Anyone ever heard of a National NC-57 look-alike kit (K57B) for the US Navy?

John Kolb jlkolb at JLKOLB.CTS.COM
Thu Mar 19 16:41:27 EDT 2009

The usual two gang tuning caps used on medium wave bcst receivers
don't track on shortwave.  On MW, there is a large change in the ratio of
recv freq to osc freq as the rx is tuned from min to max freq.  As the receive
freq gets higher and higher, the ratio gets less and less, becoming almost flat
near 30 MHz.  Thus equal capacitors work better for an rx mainly for 
short wave.

Interesting radio - the empty tube sockets sound as if the kit could 
have been built
to different levels - not consistent with a military radio.  But when 
WW2 broke out,
lots of radios were drafted.  This radio could well date back to then.


At 07:29 AM 3/19/2009, Mike Langner wrote:
>Hello everyone !
>I'm currently checking the tubes on an NC-57 look-alike.  But the look of
>the cabinet is where the similarity stops.  This receiver is in a cabinet
>marked Navy nomenclature CY 677/U furnished under contract NO bsr 42174. It
>is serial number 939.
>The tuning capacitor and bandspread capacitor each are 2 section with both
>sections of the two capacitors having identical capacity, although needless
>to say, the bandspread capacitor has much less capacity than does the main
>tuning capacitor.  The two sections of the capacitors being identical would
>appear to make oscillator tracking impossible, which makes me wonder of this
>thing is a TRF. But if it's a TRF, why would it have a 12SA7?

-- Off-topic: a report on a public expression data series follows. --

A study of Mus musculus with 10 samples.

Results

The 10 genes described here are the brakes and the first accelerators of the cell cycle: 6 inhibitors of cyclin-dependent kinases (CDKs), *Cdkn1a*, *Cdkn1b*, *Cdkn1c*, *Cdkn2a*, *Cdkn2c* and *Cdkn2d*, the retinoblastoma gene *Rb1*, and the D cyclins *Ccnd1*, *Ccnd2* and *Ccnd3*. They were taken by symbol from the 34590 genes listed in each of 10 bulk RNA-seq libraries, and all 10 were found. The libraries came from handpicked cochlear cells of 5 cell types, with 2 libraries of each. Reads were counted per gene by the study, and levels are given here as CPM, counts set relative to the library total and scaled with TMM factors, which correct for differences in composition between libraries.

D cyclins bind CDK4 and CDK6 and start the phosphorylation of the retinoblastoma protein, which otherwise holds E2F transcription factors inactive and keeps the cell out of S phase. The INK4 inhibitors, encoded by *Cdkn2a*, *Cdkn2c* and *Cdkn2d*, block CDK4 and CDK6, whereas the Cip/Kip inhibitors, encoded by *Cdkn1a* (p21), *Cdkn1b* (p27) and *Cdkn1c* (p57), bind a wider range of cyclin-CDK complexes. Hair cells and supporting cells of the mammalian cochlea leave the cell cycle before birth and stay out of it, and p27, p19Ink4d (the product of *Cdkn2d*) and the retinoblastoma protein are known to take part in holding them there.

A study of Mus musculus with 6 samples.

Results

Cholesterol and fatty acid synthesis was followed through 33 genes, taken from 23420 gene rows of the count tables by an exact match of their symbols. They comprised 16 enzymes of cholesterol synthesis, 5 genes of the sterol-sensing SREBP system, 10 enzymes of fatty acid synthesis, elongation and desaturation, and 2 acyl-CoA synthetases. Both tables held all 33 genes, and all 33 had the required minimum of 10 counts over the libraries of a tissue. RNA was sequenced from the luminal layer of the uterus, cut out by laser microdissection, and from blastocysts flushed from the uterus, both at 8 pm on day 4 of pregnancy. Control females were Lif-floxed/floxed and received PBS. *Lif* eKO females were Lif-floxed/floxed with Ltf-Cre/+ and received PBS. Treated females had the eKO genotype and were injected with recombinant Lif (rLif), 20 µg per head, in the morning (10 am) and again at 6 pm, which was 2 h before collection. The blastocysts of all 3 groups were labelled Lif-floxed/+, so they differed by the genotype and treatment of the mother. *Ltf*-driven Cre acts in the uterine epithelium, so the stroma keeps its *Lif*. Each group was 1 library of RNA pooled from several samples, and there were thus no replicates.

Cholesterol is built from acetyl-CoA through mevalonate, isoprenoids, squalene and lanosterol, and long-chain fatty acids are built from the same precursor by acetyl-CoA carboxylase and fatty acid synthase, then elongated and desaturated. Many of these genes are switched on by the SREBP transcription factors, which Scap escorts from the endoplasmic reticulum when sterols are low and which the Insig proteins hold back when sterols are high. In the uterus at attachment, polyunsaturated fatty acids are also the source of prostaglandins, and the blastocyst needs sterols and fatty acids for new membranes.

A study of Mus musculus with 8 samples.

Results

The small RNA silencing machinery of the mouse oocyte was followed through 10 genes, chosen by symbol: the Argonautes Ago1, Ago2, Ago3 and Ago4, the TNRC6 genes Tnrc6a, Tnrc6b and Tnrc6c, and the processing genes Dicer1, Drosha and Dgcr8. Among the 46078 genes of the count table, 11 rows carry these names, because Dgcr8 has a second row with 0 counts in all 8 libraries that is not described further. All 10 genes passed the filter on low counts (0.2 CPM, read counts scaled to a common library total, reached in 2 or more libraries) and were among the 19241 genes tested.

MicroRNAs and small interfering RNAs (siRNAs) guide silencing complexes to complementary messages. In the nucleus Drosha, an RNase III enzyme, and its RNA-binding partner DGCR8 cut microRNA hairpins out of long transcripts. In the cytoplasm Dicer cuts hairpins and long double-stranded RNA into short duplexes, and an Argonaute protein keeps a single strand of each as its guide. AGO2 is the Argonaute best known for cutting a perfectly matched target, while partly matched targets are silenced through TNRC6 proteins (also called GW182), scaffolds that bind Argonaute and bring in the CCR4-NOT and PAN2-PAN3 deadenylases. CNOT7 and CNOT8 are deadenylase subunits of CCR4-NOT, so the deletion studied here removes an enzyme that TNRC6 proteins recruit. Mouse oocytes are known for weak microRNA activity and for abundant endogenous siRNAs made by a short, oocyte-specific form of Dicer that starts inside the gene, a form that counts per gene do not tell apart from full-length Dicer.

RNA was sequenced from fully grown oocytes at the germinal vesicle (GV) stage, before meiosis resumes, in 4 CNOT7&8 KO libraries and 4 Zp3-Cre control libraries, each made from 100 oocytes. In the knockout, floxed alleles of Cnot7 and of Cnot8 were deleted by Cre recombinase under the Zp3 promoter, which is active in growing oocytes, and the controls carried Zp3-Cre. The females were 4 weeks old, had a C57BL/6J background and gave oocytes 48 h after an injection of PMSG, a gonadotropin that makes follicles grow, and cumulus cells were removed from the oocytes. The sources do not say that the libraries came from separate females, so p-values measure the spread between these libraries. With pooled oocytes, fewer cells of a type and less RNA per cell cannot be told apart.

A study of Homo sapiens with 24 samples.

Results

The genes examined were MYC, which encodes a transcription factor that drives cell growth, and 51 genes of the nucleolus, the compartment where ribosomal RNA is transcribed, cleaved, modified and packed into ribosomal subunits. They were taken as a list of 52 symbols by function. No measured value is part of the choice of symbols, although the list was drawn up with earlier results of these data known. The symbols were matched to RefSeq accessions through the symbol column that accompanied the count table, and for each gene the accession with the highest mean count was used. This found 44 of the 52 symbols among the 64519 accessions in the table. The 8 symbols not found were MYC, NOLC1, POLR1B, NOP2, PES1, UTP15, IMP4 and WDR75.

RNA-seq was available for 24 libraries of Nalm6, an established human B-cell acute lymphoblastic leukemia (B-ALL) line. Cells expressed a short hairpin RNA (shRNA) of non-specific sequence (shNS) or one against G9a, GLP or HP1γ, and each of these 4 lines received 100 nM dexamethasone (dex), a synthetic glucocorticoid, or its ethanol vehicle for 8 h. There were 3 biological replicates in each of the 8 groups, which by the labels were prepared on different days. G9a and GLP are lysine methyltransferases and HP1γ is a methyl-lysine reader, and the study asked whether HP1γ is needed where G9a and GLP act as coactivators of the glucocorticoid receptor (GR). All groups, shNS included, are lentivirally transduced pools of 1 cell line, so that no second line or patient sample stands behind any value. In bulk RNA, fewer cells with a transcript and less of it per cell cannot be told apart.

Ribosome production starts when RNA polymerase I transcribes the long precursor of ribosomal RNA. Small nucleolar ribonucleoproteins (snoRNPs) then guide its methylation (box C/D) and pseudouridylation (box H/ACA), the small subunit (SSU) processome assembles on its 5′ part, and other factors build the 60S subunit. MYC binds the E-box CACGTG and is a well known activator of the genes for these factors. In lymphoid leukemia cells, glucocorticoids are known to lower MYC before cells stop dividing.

>Tube complement is 12SA7, 12SG7, 12SL7, and a metal 1632 (6F6 like, it
>appears) audio output tube.
>Front panel controls are: Main Tuning, Bandspread, AF gain, Pitch,
>CW/PHONE/ANL, Bandswitch , Send/Receive. There is no RF gain control.
>Frequency range is .50 to 36 mHz.
>Rear panel contains the familiar screw-type balanced/unbalanced antenna
>connector and an SO-239, a round two-pin plug-and-socket that I suspect is
>for connecting an external speaker, and a male (not female) octal
>chassis-mounted socket (plug!).
>Next I'll take the bottom off the unit and peek inside.  The unit does have
>a standard brown 2-conductor power cord with a standard American (Edison)
>plug on the cord.
>There are two metal cubes atop the chassis that look like IF transformers.
>Two transformers are mounted atop the chassis as well as one transformer
>mounted on the speaker -- audio output tube plate to speaker transformer.
>Several tube sockets are empty.  They have paper stickers pasted over them
>with the words "no tube used here."
>A plate affixed to the top of the chassis by National contains the National
>logo, the words "Receiver Construction Kit", and in smaller print, the words
>Anybody know anything about this interesting unit?